LAKELAND, Fla. -- There are a lot of things not to like about baseball: Slow paced games. AstroTurf. Expensive hot dogs. The Yankees.
Connie Farmer, 81, and Fran Sutherland, 68, are most definitely not on my baseball gripe list.
The two salt of the earth “double cousins” (dads were brothers, moms were sisters) from Detroit won’t show up on any box scores or highlight reels. But every spring, together, in a damp, dark corner of Joker Marchant stadium under the grandstands, the two women do what a Rabbi might call a baseball mitzvah.
For the last seven years, strictly on a volunteer basis, they raise about 40,000 dollars each spring for poor kids in the Lakeland area by running a silent auction of Tigers memorabilia donated by the team. The money goes to local Boys and Girls clubs, helping to do things like purchasing playground equipment in the rougher areas of town.
The double cousins get to the stadium each morning around 10 a.m. to set up the day’s wares, watch a little batting practice, and then befriend the legions of fans that ask them everything from directions to the ladies room to whether Larry and Lance Parrish are related.
“We kind of double as an information booth and public relations office too,” joked Fran, who in her previous life in Michigan taught elementary school.
The two relocated snowbirds hold season tickets to the Lakeland Flying Tigers during the summer, and together religiously attend fan club meetings, bowling nights with the players, and team golf outings. They acknowledge that Tiger baseball plays a central role in their life. And it’s not just the baseball.
“Baseball brings back all the memories of the 50’s when my dad would explain the rules to me and we would sit and watch games together,” recalled Fran.
Connie remembers cheering on the 1945 Tigers with her father, a Detroit policeman who had the skid row beat.
“If he was still alive, he would be coming to these games and would probably be pretty jealous of what I’m doing.”
The two women forged a motherly bond with players like Brennan Boesch and Will Ryhmes, who played at Lakeland on their way up to the majors.
“We do feel protective of them, that bond is important,” said Fran.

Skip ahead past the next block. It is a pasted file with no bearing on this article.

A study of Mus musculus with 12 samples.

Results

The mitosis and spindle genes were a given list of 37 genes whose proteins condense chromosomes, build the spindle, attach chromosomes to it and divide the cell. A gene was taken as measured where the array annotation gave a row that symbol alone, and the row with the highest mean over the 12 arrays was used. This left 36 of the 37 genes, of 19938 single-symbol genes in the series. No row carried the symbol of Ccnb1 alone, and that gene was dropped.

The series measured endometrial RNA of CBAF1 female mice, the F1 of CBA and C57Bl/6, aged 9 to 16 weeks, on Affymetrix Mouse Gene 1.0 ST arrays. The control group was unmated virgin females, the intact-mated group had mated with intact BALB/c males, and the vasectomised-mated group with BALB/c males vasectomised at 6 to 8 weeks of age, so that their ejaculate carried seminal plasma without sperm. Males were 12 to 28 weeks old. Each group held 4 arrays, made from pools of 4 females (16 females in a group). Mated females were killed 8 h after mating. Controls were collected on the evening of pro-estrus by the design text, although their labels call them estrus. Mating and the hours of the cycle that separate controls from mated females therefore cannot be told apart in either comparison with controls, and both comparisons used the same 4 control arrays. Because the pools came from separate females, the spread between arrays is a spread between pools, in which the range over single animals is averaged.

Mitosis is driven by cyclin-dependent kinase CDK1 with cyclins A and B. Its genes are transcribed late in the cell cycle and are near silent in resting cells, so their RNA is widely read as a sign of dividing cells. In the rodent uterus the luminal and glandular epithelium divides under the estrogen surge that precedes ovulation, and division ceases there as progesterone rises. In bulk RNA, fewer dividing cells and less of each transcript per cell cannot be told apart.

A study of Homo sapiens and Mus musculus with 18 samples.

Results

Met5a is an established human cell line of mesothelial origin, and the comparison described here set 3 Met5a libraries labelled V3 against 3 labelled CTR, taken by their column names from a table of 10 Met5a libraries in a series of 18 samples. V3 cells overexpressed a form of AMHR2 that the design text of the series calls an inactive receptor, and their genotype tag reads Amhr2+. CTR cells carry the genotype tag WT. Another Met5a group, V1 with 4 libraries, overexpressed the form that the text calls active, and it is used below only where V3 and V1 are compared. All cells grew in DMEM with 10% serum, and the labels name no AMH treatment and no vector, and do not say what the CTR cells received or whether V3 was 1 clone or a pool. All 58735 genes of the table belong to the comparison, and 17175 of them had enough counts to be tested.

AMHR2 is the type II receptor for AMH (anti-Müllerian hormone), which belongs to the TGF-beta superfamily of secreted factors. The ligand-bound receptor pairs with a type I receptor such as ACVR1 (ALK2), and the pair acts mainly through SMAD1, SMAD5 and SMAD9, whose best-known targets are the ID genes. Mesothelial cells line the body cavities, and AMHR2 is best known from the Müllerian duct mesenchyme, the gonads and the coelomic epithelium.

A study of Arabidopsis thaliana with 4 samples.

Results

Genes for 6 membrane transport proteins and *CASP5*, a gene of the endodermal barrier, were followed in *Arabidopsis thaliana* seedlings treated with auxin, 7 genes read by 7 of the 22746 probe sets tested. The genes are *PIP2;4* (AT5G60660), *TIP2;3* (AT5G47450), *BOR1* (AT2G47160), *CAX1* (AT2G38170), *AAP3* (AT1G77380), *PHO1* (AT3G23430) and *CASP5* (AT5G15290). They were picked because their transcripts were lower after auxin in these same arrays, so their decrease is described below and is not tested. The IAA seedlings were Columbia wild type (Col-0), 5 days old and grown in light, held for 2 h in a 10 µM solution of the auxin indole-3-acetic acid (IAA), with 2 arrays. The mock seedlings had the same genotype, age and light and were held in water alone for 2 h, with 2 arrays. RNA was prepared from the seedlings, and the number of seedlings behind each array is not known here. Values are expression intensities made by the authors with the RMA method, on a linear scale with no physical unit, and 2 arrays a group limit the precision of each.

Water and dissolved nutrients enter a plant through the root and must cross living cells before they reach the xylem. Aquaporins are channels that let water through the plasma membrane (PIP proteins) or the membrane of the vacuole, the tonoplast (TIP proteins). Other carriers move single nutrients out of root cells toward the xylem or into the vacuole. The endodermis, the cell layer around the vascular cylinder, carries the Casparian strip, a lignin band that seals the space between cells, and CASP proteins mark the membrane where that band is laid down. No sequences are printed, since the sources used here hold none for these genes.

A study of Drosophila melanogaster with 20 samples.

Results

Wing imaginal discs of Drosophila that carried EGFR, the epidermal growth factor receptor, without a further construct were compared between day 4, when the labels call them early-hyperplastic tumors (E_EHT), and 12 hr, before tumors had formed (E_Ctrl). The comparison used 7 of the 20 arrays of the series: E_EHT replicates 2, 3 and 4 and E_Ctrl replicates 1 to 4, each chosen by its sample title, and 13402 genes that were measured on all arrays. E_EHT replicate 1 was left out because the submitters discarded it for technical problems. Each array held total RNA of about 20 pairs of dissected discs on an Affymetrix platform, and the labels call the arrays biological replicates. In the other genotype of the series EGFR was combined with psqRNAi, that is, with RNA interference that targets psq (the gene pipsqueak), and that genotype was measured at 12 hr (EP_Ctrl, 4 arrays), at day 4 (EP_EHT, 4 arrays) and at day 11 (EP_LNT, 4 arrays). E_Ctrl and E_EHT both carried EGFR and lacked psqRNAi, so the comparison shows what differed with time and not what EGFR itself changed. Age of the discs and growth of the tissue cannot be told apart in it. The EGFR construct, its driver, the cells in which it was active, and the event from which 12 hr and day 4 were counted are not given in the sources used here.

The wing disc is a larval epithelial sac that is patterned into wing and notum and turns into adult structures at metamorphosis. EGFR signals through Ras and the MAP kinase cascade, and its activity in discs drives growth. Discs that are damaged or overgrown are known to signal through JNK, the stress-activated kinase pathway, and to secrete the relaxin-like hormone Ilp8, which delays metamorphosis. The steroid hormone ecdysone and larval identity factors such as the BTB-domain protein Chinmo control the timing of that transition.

For Connie, that bond extends to players like Willie Horton, who she counts amongst her all-time favorites.
Horton, an African-American who started his career for the Tigers in the early 60’s, endured the last vestiges of Jim Crow in his early days training in Lakeland.
“He spoke at our fan club once and told us about having to walk all the way to the stadium from Highway 92, because they wouldn’t let him ride the bus. I think he is a heck of a strong guy,” she rightly observed.
You also won’t find Cathie and Adrianne Holmes on my baseball gripe list. The mother/daughter combo from Toledo is in their fourth year of making their all girls trek down I-75 to Lakeland for Tiger spring training.
The two diehards say they watched all 162 Tiger games together last year together, either in person, on TV, or recorded on DVR.
Cathie, 55, was taught the game by her father. Like generations of Toledoans, myself included, she “listened to Ernie Harwell on a transistor radio under the pillow” as a kid.
Her father died before her daughter was born, so Cathie looks at passing on her love of the Tigers as a way to connect her child to the grandfather she never knew.
“Spring training is our girl time…baseball and bonding,” according to Adrianne, 22, who played softball at Central Catholic. “We make up our own inside jokes about the players, calling them different nicknames.” [Though they wouldn’t reveal any of the names to this reporter…I guess some things are better left between mother and daughter].
The pair perched themselves in the sun drenched front row down the right field line this week, within shouting distance of Maglio Ordonez. Adrienne poked fun at her mother for dropping a couple foul balls that Ordonez tossed into the crowd . “They somehow go right threw her fingers,” ribbed Adrianne.
Stories like this fill Joker Marchant stadium this spring. They may not be unique or grand, but they are special.
They shed light on the deepest, most important aspects of being human -- like loyalty, family, and love.
If we didn’t have baseball, I’m sure we could find their manifestation somewhere else, but thankfully we have baseball, and fans, and family on a sunny spring day in Florida.
And we have women like Fran, Connie, Cathie, and Adrianne to tie it all together.